1) Product design:
The Xbox One X’s design is noteworthy for it’s small footprint, quiet operation and effective cooling. I have mine in an open-faced cabinet (an old dresser converted to an entertainment center) and it stays just warm to the touch under heavy load. I love how the power transformer is built into the box, requiring just a regular power cord to be used; I hated those bulky bricks that always seemed to take up too much space behind the cabinet, or on the floor. The aesthetics of the Xbox One X would be best described as ‘modern minimalism’. It’s not beautiful, nor is it ugly. It’s just simple and non-offensive – which is ok in my book. Many other reviewers have commented on the weight of this thing. It IS solid and it’s heft conveys an impression of quality; according to the specs the One X is about 1.4lbs heavier than the One.
Over the generations of Xbox consoles, I’ve always felt the UX/UI has always been a step or two behind Playstation. With the release of the One X, there is a new UI which is much less cluttered than the past versions, which is a welcome improvement. There are still some odd navigational design choices than baffle me, such as the odd placement of the “view all” button when perusing the Store categories and the seemingly random Home screen layout. It takes some getting used to – but once you do, those gripes become negligible. Microsoft could definitely take a page out of Sony’s design book however…
The One X’s speed also helps to improve the snappiness of the interface/experience; gone are the lags and pauses of the previous generations. This was one of the first things I noticed with the X – and it’s a very welcome improvement.
The upgrade to 4K/HDR gaming was more noticeable than I expected it to be. In HDR mode, the image (on my Samsung UHD TV) is super-bright and free of color banding (thanks to 10 or 12 bit color rendering options). Framerates are much more consistent and fluid. Aliasing just seems non-existent now. For those interested, the One X has native 4K games and games that are “checkerboard rendered” to 4K – the latter of which is what the PS4 Pro was crucified for doing. Visually, native 4K and checkerboard 4K may be hard to distinguish, depending on the game.
Audio also gets a nice improvement as well with the addition of Dolby ATMOS. My Samsung HW-K850 supports it – but getting the Xbox One X to allow me to select Atmos output was a royal pain in the a$$. To get Atmos to work, you’re first prompted to download the (kinda) free Dolby Access app (I say ‘kinda’ free, because there is an ‘Atmos for headphones’ option that will cost you $15 to enable). The Dolby app then guides you through the necessary settings you must enable on the Xbox – but this is where it went awry in my case. I kept getting an error code when attempting to enable Atmos – and after chatting with Microsoft support, they had no ideas and chalked it up to a bug that would need to be patched. I did stumble across a solution, in which you must also enable a setting in the TV & One Guide section; “Audio” must be set to “surround” (instead of the default “stereo uncompressed” in that menu too – something the Dolby app (and Microsoft support) missed. I also had to shut off every device in my system, unplug the power from everything for an hour, then turn everything back on to finally get Atmos sound to work. I can only guess this had something to do with renewing the HDMI handshakes between all devices. While I’m not removing a star for this, it is something that *should* be easier to make work.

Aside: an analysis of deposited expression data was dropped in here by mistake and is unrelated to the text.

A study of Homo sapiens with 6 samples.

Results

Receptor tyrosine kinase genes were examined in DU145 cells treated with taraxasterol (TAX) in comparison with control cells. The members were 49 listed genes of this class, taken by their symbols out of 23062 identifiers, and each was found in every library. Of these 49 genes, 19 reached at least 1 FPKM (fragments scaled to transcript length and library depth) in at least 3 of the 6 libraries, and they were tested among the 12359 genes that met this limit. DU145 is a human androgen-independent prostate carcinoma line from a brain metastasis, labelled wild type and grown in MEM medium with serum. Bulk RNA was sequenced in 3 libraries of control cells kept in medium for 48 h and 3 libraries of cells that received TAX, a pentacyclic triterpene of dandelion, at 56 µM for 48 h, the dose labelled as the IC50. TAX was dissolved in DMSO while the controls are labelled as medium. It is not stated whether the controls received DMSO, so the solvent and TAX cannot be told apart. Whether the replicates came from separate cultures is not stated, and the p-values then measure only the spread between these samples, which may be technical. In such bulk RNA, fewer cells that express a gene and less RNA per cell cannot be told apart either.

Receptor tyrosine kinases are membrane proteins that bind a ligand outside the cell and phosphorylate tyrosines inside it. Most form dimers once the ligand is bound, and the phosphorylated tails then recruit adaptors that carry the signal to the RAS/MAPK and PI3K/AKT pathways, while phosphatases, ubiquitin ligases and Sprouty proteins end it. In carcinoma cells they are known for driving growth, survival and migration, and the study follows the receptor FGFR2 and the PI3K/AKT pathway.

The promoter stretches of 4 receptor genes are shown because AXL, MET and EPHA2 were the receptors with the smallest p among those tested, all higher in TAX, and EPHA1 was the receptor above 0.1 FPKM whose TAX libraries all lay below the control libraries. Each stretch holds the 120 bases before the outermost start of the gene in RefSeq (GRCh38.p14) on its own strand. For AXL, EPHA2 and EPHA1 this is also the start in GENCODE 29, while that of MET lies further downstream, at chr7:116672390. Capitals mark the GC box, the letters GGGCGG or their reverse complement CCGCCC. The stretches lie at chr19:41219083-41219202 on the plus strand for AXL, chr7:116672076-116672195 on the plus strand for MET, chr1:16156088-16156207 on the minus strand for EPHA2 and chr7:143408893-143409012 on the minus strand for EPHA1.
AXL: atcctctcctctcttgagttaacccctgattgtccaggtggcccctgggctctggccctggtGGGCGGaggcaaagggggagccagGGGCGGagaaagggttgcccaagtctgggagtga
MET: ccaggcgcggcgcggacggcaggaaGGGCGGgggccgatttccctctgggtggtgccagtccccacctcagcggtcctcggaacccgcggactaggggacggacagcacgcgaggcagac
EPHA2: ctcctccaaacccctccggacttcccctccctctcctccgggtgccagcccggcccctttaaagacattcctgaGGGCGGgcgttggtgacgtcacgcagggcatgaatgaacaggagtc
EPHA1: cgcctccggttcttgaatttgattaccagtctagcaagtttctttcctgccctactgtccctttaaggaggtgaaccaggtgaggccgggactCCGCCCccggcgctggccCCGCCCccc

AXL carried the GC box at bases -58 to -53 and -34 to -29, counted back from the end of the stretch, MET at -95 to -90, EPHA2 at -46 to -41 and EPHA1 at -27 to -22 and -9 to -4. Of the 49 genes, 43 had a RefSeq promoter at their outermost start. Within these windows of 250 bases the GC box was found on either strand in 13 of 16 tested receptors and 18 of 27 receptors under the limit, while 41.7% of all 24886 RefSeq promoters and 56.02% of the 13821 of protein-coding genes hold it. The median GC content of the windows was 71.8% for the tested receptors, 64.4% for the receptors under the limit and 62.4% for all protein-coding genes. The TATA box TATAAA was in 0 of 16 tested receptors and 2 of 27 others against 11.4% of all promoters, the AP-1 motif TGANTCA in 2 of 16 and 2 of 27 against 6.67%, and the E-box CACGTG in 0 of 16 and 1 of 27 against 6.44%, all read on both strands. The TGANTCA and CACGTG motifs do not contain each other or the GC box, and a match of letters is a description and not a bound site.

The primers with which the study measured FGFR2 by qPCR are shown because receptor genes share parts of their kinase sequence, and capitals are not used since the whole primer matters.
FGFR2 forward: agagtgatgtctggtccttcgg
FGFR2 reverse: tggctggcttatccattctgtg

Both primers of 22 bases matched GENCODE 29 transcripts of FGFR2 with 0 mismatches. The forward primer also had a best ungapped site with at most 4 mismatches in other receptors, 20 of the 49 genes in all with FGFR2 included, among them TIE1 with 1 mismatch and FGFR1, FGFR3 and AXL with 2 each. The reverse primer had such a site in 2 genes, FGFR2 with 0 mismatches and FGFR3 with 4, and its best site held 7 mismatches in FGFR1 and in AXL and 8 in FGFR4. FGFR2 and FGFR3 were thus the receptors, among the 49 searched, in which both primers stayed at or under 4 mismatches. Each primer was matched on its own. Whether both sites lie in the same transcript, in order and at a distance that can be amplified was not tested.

4) Other features:
Coming from the Xbox One w/ Kinect, I had opted to connect my cable box (Charter/Spectrum) – which offers the most outdated and terrible guide/menu in the known universe. Connecting it to the Xbox allows you to use the One Guide instead which is much nicer. The Kinect was able to control all the functions of the cable box, which made a nice, seamless experience. I was concerned that I would have to buy the Kinect adapter cable for the X to retain this functionality, but was pleasantly surprised to find out that the Kinect wasn’t necessary, as the X has it’s own IR blaster built-in. As long as you don’t have any components behind closed cabinet doors, the X’s IR blaster is powerful enough to send out the necessary signals. I am now Kinect sensor free!
Another nice feature of the X is the fact it plays UHD Blu-Ray discs. I have not played one yet, but knowing that visually, it should be superior to streaming UHD content (from VUDU, Netflix, Amazon, etc), I know it will be awesome. UHD/HDR streaming IS awesome by the way; the elimination of color banding is perhaps the most welcome benefit, aside from the increase in resolution.
5) Final thoughts:
Overall, this console is a true performer. If there are any negatives, it would be with the relatively small standard HDD. At 1TB, one may question why this is a negative; After all, the S comes standard with a 500GB HDD. The issue here, is that for games that take advantage of 4K resolution, typically offer higher-resolution textures to go along with it – which, according to Microsoft, can inflate game size by 33% or more. The extra space quickly becomes consumed and the number of games that can be installed at any one time remains about the same as previous generations – which was always a point of contention with users. Of course, you can buy an external drive to overcome this issue – but that is one more thing to buy. I feel that Microsoft may have missed the mark on this one; Why tout the most powerful console ever, and pair it with a HDD that is honestly too small? It’s like putting crappy tires on a performance vehicle. But, alas, I hesitate to remove a star for this, as I personally don’t play more than a few games at a time – I don’t think it will become much of an issue for me.